Fonterra builds workarounds for 'lights out' processing

Efficient milk processing strains copper network's 2Mbit/s ceiling

Dairy giant Fonterra has a huge appetite for network bandwidth to operate its milk processing plants, which are becoming fully robotic, lights-out facilities requiring 24-hour video-monitoring.

And, in the context of New Zealand’s broadband infrastructure, that is proving a challenge.

There’s also the constant stream of accounting and other information that requires a constant data speed. This too, is challenging what Fonterra CTO Andrew Wilshire describes as our “frail or constrained connectivity”, which has a ceiling of around 2Mbit/s.

Wilshire says Fonterra’s operations could easily use a 10-to-100Mbit/s pipe. To work around these network capacity limitations, it has devised a bespoke technical solution.

This has involved decentralising its manufacturing control systems, as well as building-in data redundancy, so it’s not dependent on WAN links.

“Instead of one central server, we have servers located at each site, because WAN links are unreliable and we don’t have enough bandwidth to supply real-time logic,” says Wilshire.

When it comes to the end result of dairy farm labour, it’s farmer-owned Fonterra that turns most of the nation’s milk into milk powder, and is responsible for 95% of dairy exports. The 2006-2007 season saw 1.32 billion kg of milk solids transformed into $10.5 billion, according to Dairy NZ.

But the dairy giant has to retain something of an old-school No.8 fencing wire attitude when it comes to telecomms.

The company’s systems-distribution method works well but also limits flexibility, Wilshire says.

That system is supplemented by the use of WAN optimisation technology, with mixed results so far. Although optimisation has proved a rocky road, Fonterra recently began piloting a second-generation product from Riverbed of which it has high hopes, Wilshire says.

“It’s an amazing tool. It de-duplicates data as it comes down the pipe, so the load on the network is a lot less. This is in order to mitigate the 2Mbit/s ceiling. But what business wants — and manufacturing needs — is fibre-to-the-plant, and that is what’s driving the use of video, especially when you look at automation,” he says.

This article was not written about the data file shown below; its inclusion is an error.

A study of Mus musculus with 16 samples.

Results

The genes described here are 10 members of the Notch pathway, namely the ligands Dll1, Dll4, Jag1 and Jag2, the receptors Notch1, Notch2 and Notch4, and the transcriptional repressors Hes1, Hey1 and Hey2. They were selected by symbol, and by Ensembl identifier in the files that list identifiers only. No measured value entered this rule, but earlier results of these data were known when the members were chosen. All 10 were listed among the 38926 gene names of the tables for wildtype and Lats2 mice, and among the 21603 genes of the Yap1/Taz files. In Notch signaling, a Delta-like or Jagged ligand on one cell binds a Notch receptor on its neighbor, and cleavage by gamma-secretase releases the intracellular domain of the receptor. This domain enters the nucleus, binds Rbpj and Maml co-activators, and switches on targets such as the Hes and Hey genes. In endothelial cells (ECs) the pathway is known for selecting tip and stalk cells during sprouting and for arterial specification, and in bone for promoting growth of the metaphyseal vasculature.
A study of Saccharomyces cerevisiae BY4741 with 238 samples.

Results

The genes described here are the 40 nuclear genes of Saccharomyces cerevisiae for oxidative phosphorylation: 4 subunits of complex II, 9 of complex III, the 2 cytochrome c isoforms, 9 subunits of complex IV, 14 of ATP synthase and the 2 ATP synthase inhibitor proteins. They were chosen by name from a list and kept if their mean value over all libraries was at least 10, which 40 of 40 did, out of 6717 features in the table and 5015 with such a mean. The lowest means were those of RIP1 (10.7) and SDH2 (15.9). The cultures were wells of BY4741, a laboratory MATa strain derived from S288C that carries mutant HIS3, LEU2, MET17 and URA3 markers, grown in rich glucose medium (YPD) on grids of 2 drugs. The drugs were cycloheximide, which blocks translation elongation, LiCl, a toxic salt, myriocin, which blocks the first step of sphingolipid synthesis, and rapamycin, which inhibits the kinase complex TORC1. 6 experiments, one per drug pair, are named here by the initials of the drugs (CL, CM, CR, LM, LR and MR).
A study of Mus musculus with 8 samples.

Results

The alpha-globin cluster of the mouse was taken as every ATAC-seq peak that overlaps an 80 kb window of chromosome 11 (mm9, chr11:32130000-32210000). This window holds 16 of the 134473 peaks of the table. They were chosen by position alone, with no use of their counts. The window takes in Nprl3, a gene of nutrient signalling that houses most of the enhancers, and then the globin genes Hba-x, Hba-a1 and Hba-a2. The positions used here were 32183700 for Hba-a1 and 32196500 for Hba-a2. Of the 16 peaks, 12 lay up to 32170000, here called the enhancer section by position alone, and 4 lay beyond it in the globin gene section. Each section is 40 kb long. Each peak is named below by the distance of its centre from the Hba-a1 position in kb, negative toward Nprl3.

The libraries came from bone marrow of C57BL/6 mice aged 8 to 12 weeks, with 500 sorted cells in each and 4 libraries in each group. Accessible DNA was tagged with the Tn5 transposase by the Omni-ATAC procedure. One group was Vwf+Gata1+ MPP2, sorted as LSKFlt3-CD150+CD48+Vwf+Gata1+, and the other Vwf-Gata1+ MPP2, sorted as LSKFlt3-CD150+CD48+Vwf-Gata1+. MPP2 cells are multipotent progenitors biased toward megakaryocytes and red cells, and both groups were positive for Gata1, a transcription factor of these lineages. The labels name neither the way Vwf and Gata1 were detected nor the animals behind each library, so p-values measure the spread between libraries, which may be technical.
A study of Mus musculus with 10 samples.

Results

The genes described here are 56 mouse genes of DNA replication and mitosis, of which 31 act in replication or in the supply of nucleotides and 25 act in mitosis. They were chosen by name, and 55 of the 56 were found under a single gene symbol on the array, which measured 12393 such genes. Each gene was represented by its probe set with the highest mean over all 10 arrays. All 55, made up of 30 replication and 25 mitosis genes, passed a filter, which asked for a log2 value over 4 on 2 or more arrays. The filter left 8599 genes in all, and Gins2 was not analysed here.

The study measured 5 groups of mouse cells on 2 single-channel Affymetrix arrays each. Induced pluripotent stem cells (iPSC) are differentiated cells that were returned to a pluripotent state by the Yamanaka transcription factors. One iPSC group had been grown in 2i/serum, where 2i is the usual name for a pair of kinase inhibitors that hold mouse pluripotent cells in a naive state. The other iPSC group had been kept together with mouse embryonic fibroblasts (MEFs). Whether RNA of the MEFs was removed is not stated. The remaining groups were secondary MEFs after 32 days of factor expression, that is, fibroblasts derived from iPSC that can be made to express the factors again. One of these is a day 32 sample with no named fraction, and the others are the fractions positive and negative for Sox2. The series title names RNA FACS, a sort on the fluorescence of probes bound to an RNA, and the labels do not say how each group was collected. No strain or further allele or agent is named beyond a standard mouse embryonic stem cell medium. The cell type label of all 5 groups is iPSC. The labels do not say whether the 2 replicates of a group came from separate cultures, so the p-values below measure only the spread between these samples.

“If we create a lights-out environment, like a lights-out packaging plant, we need to be able to monitor it [and] have eyes on glass at some point, but video is notoriously difficult to optimise, to compress.

“Video is not gracious when you have latency problems.”

While technologies like MPEG and other codex being developed do a great job, there is lot more Fonterra could do if it were not for bandwidth limitations, says Wilshire.

“In order for us to further automate, and continue to drive productivity in the rural sector, we literally need more bandwidth.”

This brings us to the need for a nationwide fibre-optic network of the kind TUANZ is lobbying for. Wilshire is amused by TUANZ chief executive Ernie Newman’s pragmatic idea of getting farmers to string fibre from telephone poles.

This “Layer 0”, as it’s dubbed, is recognised as being the biggest cost of installing fibre nationwide. However, Wilshire doesn’t have any particular technology preference. With a background as a South Canterbury sheep farmer, he’s more focused on what gets the job done.

As a final note, Wilshire says rural NZ has other needs that must be met if we’re going to keep people happy on the farm. He says social networking combined with more bandwidth could help meet the rural community’s needs.